ASKING an investor what makes a good annual report is like asking somebody what makes a good pizza. Some enjoy the simplicity of a thin, crispy base topped with only tomato sauce and cheese. Others prefer thick-crusted varieties capable of supporting a shopping-cart load of toppings.
What’s the secret sauce for annual reports? Like good pizza, it usually boils down to keeping things simple. As Leonardo da Vinci proclaimed, “Simplicity is the ultimate sophistication.” I’m not sure what Leonardo would say about annual reports, but keeping them simple these days is a challenge.
Rising demands for more disclosure and the integration of sustainability reporting are among several factors making annual reports ever longer and more complex. Unfortunately, too many annual reports are choked with low-quality information, disconnected content and boilerplate, all of which obscures key messages.
Clear, crisp communication, on the other hand, is a sign of strong leadership. It’s also an opportunity to improve engagement and dialogue with stakeholders. Let’s look at four techniques for cooking up a good annual report.
Focus on strategy
You can structure a report in any number of ways. But describing your strategy – and perhaps even illustrating it – at the front of the book provides a means to underpin the rest of the narrative.
Start by summarizing the main elements of your strategy, highlighting corporate goals, performance indicators – both financial and non-financial – and strategic priorities. This will unify the report, creating a clear story and consistent message from cover to cover. It also helps organize the copy into sections that readers find easy to comprehend.
Cut the clutter
Regulations are a big source of clutter. If it’s required, it goes in the report. But that doesn’t mean it can’t be managed.
Clutter usually crops up in two ways. Immaterial narrative and repetition, such as that found in financial notes and disclosures, often reduces a reader’s ability to identify and understand relevant information. Plus, it can be annoying. Explanatory information that remains unchanged from year to year, such as policy and procedures, often provides little value to readers.
The annual report preparer is always faced with a smorgasbord of content. Rather than use all of it, you need to continually make choices about the value of content. If there’s no compelling reason to add it, leave it out. If you must include it, you can eliminate or reduce duplication by cross-referencing to other sections in the report or pointing readers to a corporate website for more detail.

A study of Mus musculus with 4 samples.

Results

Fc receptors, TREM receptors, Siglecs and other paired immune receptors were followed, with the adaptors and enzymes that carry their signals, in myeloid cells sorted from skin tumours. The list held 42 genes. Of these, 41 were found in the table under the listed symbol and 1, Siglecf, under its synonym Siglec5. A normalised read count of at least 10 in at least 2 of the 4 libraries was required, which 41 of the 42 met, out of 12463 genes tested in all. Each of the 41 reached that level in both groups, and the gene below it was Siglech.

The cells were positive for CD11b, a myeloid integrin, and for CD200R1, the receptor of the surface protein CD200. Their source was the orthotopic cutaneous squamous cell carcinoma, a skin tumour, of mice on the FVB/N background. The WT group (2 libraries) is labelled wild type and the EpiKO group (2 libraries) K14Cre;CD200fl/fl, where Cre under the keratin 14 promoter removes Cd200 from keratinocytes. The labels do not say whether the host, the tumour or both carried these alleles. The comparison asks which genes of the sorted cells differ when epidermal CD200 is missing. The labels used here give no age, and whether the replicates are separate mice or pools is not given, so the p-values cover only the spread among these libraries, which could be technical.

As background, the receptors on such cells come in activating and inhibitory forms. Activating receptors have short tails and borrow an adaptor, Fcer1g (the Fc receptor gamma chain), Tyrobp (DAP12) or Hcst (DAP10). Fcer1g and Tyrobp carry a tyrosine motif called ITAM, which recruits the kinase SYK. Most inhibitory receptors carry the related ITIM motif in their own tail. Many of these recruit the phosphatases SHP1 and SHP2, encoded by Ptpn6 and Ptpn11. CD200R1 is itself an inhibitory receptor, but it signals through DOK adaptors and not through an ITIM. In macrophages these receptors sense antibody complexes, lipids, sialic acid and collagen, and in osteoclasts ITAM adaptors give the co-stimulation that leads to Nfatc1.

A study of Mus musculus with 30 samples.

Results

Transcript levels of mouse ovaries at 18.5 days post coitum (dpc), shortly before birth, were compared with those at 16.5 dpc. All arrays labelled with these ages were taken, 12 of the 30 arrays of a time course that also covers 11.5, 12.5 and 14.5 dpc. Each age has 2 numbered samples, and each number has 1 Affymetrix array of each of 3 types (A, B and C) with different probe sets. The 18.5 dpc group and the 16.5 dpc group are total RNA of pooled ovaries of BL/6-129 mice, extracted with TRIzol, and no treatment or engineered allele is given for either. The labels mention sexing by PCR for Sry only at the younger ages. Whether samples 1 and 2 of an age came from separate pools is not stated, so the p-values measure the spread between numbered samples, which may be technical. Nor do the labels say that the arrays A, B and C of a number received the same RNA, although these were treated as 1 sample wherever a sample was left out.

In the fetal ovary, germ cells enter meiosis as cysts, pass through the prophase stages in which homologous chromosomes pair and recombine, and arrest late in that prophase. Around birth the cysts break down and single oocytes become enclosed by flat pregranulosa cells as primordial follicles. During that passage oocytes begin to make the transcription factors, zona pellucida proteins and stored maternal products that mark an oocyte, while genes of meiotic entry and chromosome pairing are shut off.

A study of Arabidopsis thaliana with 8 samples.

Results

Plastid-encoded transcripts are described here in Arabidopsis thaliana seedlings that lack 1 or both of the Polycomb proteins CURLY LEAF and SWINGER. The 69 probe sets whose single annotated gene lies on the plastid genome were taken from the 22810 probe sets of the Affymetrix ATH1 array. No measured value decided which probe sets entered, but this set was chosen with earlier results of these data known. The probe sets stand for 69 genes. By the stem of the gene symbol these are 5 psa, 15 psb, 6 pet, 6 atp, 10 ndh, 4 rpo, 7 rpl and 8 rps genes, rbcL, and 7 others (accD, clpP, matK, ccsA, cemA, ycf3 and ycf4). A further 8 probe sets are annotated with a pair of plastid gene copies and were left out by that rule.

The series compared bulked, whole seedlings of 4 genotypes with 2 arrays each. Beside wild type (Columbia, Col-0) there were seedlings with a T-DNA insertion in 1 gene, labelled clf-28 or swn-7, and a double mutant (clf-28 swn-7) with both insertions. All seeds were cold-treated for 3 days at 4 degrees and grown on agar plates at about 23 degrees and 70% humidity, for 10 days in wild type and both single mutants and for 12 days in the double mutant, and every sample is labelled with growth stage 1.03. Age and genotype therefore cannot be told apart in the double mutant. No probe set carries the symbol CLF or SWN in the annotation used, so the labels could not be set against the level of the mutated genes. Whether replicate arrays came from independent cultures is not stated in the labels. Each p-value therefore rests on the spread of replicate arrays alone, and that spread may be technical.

The goal is to explain performance in a meaningful way while avoiding excessive or meaningless detail that obscures key messages. Less clutter equals more impact.
Sum it up
The traditional three-part business writing model looks like this: introduction, body, conclusion. Unfortunately, that doesn’t work well in an annual report. People tend to read only the initial part of any piece of content. So your essential messages may be missed if they’re buried at the end of a section.
To get readers to read beyond the opening, you must convince them of the content’s value. A better approach is to combine the conclusion and introduction. Or start with a few highlights. In other words, put the bottom line on top. By developing an interesting and informative lead, you’ll pull your readers into the story.
Similarly, tables, charts, callout text and other graphic elements help tell your story visually and at a glance.
Stakeholders aren’t always familiar with the jargon and terms of your business and industry. The same is true with acronyms. Even if these are clearly identified, overusing them overloads a reader’s ability to comprehend meaning quickly.
Plain language, on the other hand, minimizes the effort required to understand relevant information and key messages. It also reduces often imperceptible hesitations that readers experience as they search for meaning.
I’m a big fan of simplicity in annual reports and, for that matter, pizza. Simplicity is an often overlooked yet powerful strategy for keeping content clear and informative. The objective is to communicate simply, not simplistically, by using structure, brevity and language to convey your messages clearly. That, in my opinion, is the recipe for a good annual report, whether it’s thick or thin.